1. Vol. 68 No. 6, p. 909-914
     
    Received: Apr 9, 1976
    Published: Nov, 1976



Biological Significance of Reed Canarygrass Alkaloids and Associated Palatability Variation to Grazing Sheep and Cattle1

  1. G. C. Marten,
  2. R. M. Jordan and
  3. A. W. Hovin2

Abstract

Abstract

Total basic alkaloid concentration of reed canarygrass (Phalaris arundinacea L.) is negatively correlated with palatability (selection when a choice is offered) of the grass to ruminant animals. The significance of these alkaloids to ruminants not offered a choice of pasture forage remained unknown. Our objectives were to determine whether alkaloid concentration and alkaloid type differences among reed canarygrass genotypes affect animal performance, grass intake, and health of gazing sheep and cattle.

Replicated pastures representing two primary alkaloid types (gramine vs. tryptamine-carboline) and two alkaloid concentrations were primarily established from eight clones of reed canarygrass. During 1973 and 1974, these pastures were grazed by lambs and during 1975, by steers.

Total alkaloid concentration of the grass was highly negatively associated with average daily gains by lambs and steers (r= −0.91, −0.90, and −0.91 for 1973, 1974, and 1975, respectively). Alkaloid concentration was highly negatively correlated with an estimate of voluntary intake (r = −0.85) by lambs not offered a choice of reed canarygrass genotypes, but alkaloid concentration was not usually overtly associated with voluntary intake by steers. Animals had more diarrhea when grazing high-alkaloid plants and when grazing tryptamine-carboline-containing compared to gramine-containing plants. This physiological upset may have been a major contributor to reduced animal gains.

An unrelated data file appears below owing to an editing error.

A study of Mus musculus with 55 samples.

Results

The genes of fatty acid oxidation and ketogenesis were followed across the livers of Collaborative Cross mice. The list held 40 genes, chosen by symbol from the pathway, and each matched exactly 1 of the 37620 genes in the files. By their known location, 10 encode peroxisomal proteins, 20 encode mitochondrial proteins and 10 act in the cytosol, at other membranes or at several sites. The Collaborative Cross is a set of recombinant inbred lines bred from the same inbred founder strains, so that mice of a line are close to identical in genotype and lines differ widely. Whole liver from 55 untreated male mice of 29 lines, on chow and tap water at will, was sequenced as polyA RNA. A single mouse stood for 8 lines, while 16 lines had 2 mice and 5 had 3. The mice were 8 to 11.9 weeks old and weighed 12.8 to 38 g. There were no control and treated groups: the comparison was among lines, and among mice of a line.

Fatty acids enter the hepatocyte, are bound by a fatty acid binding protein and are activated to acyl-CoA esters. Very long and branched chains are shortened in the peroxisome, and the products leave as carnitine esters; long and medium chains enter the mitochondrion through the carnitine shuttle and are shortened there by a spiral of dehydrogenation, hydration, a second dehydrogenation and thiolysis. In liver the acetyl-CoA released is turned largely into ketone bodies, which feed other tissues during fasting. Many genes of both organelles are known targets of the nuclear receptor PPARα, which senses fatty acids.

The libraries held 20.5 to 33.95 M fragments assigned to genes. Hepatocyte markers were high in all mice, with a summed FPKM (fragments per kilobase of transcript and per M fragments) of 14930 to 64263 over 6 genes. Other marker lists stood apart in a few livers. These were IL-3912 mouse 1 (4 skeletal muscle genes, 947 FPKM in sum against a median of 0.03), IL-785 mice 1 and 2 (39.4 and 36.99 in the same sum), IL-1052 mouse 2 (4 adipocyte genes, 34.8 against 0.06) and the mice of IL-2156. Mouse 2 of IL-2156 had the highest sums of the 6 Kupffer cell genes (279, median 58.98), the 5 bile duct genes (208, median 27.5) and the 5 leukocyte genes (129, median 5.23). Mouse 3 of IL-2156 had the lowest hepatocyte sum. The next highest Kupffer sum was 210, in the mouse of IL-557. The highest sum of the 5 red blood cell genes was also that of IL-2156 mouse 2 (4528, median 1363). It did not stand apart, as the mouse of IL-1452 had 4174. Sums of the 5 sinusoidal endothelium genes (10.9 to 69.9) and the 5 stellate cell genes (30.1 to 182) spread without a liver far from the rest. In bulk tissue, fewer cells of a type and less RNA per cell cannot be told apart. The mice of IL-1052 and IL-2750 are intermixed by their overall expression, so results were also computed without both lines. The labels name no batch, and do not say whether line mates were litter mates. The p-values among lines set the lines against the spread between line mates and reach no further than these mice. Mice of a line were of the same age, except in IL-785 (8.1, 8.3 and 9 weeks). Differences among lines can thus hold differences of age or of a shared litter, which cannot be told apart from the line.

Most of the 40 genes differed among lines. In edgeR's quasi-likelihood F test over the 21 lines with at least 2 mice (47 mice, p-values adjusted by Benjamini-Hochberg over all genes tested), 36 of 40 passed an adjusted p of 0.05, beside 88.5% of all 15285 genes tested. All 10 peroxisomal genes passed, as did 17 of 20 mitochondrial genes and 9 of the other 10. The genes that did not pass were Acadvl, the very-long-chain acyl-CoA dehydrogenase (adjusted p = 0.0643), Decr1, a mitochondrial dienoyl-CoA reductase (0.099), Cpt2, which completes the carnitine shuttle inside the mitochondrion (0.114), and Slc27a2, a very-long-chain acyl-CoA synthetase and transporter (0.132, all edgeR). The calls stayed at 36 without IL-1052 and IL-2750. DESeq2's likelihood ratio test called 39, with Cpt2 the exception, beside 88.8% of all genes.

Breeding or managing reed canarygrass cultivars for lower alkaloid concentration per se, and breeding for tryptamine-carboline-free (gramine-containing) cultivars, should provide pasture that has improved animal performance potential. “Phalaris staggers” or “sudden death” were not incited in sheep or cattle grazing exclusively reed canarygrass that had very high indole alkaloid concentrations. This indicated that these disorders, thought to be caused by indole alkaloids in animals grazing Phalaris species, are very likely not caused by indole alkaloids alone.

We have conclusively demonstrated that palatability differences and their associated alkaloid concentration differences among reed canarygrass genotypes have a substantial biological significance for grazing lambs and steers.